Mon Jan 23 08:52:57 EAT 2017
EAC chief cautions officials against ‘harassing’ retirees
The East African Community (EAC) says it was increasingly getting concerned by rough treatment of exiting staff.
- The EAC secretary general, Mr Liberat Mfumukeko, has warned he would deal accordingly with officials who would harass employees leaving the Community upon retirement.
- He confirmed, in a communication to all staff within the organs and institutions under the Community, a large number of staff will be leaving EAC from the end of this month and March upon completion of their tenure of office.
Kampala. The East African Community (EAC) says it was increasingly getting concerned by rough treatment of exiting staff.
The EAC secretary general, Mr Liberat Mfumukeko, has warned he would deal accordingly with officials who would harass employees leaving the Community upon retirement.
He confirmed, in a communication to all staff within the organs and institutions under the Community, a large number of staff will be leaving EAC from the end of this month and March upon completion of their tenure of office.
However, he said he has noted with great concern the rough treatment to staff when exiting upon expiry of their work contracts.
“Their outlook emails are blocked and access cards disconnected. This is inhuman for staff who have served the Community with dedication, some of whom for over 10 years,” he said, directing the concerned officials in the human resources, IT and security departments to devise a better way of handling the situation.
He added that EAC would consult its retired professionals when necessary, noting that the retirement of a large number of staff at one time would pose a challenge to the activities of the regional organization.
Mid last year, the Arusha-based secretariat pleaded to the partner states to unanimously agree on lifting a freeze on recruitment of new staff with the imminent mandatory retirement of 52 professionals.
There had been fears that the mass exit will cripple the operations of the Community if the vacant posts in the executive organ of the regional body are not filled in time.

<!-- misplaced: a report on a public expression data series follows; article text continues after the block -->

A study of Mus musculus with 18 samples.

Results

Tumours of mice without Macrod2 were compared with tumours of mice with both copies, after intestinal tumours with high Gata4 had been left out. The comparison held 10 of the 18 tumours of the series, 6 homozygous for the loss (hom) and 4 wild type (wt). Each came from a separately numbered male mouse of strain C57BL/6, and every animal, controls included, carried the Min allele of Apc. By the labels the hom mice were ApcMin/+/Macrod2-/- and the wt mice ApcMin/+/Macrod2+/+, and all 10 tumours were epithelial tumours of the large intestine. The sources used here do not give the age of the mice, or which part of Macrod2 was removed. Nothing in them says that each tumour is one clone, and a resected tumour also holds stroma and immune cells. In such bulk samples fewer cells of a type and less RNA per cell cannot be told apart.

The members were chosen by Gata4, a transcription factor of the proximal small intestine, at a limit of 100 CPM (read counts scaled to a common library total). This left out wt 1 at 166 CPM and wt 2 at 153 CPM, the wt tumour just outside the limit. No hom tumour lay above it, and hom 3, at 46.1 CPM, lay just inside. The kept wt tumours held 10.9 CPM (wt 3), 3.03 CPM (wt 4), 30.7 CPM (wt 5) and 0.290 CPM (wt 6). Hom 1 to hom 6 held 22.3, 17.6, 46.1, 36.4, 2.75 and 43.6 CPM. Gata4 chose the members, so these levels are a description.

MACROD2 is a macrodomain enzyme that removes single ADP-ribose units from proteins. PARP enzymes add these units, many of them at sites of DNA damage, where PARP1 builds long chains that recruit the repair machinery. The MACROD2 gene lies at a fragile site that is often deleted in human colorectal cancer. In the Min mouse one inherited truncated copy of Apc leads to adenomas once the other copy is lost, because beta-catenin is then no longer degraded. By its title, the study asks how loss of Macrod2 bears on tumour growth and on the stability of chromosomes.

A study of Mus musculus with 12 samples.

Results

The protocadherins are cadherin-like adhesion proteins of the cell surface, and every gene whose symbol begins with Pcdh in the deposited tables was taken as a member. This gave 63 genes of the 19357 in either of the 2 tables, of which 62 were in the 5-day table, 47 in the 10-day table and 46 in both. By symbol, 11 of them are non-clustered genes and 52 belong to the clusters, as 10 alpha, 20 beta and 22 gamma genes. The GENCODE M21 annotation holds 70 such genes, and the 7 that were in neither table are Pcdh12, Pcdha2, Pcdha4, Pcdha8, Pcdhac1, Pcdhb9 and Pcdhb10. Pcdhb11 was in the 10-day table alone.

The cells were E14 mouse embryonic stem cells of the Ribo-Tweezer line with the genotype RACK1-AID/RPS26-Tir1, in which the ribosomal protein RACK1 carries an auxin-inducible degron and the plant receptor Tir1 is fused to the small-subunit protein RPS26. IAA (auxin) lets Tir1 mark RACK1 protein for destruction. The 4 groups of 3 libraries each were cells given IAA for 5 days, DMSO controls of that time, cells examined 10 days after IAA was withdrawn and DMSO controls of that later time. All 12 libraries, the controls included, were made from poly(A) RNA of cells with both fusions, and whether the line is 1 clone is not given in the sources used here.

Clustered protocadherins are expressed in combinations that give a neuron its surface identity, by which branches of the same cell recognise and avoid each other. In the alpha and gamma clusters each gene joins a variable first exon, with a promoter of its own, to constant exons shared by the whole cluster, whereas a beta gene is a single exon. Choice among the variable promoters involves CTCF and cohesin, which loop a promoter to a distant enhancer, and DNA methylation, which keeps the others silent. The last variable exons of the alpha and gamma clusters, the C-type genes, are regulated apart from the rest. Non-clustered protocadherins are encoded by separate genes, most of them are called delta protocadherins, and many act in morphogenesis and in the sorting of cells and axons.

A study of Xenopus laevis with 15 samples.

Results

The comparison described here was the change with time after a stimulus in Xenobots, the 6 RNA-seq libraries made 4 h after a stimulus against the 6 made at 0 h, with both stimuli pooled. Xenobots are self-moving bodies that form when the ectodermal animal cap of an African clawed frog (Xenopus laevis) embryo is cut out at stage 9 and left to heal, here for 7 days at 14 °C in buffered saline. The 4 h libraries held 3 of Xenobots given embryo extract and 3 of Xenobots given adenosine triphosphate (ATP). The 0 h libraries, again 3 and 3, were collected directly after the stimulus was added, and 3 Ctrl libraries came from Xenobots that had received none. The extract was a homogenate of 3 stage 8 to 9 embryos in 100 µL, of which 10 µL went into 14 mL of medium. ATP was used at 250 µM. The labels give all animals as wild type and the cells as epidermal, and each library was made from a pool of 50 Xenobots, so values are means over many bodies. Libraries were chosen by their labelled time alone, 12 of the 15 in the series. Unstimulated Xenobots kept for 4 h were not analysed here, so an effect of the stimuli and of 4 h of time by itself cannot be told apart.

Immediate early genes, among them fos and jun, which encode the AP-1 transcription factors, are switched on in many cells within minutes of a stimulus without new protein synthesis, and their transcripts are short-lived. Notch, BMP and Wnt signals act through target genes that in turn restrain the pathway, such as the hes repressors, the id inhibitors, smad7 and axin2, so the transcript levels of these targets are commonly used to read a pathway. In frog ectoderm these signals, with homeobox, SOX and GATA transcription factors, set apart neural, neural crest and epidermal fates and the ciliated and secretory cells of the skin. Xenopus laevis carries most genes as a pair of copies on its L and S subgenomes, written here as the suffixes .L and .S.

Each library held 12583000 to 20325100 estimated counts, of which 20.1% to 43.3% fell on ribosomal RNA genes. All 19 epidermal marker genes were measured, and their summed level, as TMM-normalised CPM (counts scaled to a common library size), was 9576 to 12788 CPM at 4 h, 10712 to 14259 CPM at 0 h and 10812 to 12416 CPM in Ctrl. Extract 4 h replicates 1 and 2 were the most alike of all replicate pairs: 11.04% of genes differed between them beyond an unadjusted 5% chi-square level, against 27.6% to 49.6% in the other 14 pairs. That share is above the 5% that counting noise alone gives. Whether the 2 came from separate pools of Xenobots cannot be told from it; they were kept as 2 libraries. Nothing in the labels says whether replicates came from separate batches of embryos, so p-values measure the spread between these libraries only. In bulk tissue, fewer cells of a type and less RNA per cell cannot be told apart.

The secretariat has pleaded to the partner states that it should be allowed to commence the recruitment process immediately to fill the positions so as to ensure a smooth transition that would guarantee sustainable operations of the Community.
Impeccable sources have told The Citizen that retirement of key staff members would also affect two other organs of EAC which are the East African Court of Justice (EACJ) and the East African Legislative Assembly (Eala) as well as nearly a dozen institutions under the Community scattered in the region.
The recruitment of the general staff as well as the professionals working for the EAC and its organs and institutions is normally done on a quota system which ensures each of the five member countries; Tanzania, Uganda, Kenya, Burundi and Rwanda.South Sudan would soon come on board.
The Citizen has not been told how many employees the EAC has at the moment.
But is estimated to number between 200 and 300 if all the institutions directly under its annual budget based in Kisumu (Kenya), Jinja and Kampala in Uganda, Kigali (Rwanda) Bujumbura (Burundi) Zanzibar (Tanzania) and the headquarters in Arusha are included.
By June 2014 though, the Secretariat alone had 231 employees, of whom six were executive staff, 69 professional, 46 general service staff, 84 project staff and 16 temporary employees.
Eala and EACJ by then had 34 and 24 staff members respectively.
Staff under the service of the Community are required to retire after attaining 60 years of age which is compulsory for one to exit from the services of the Community.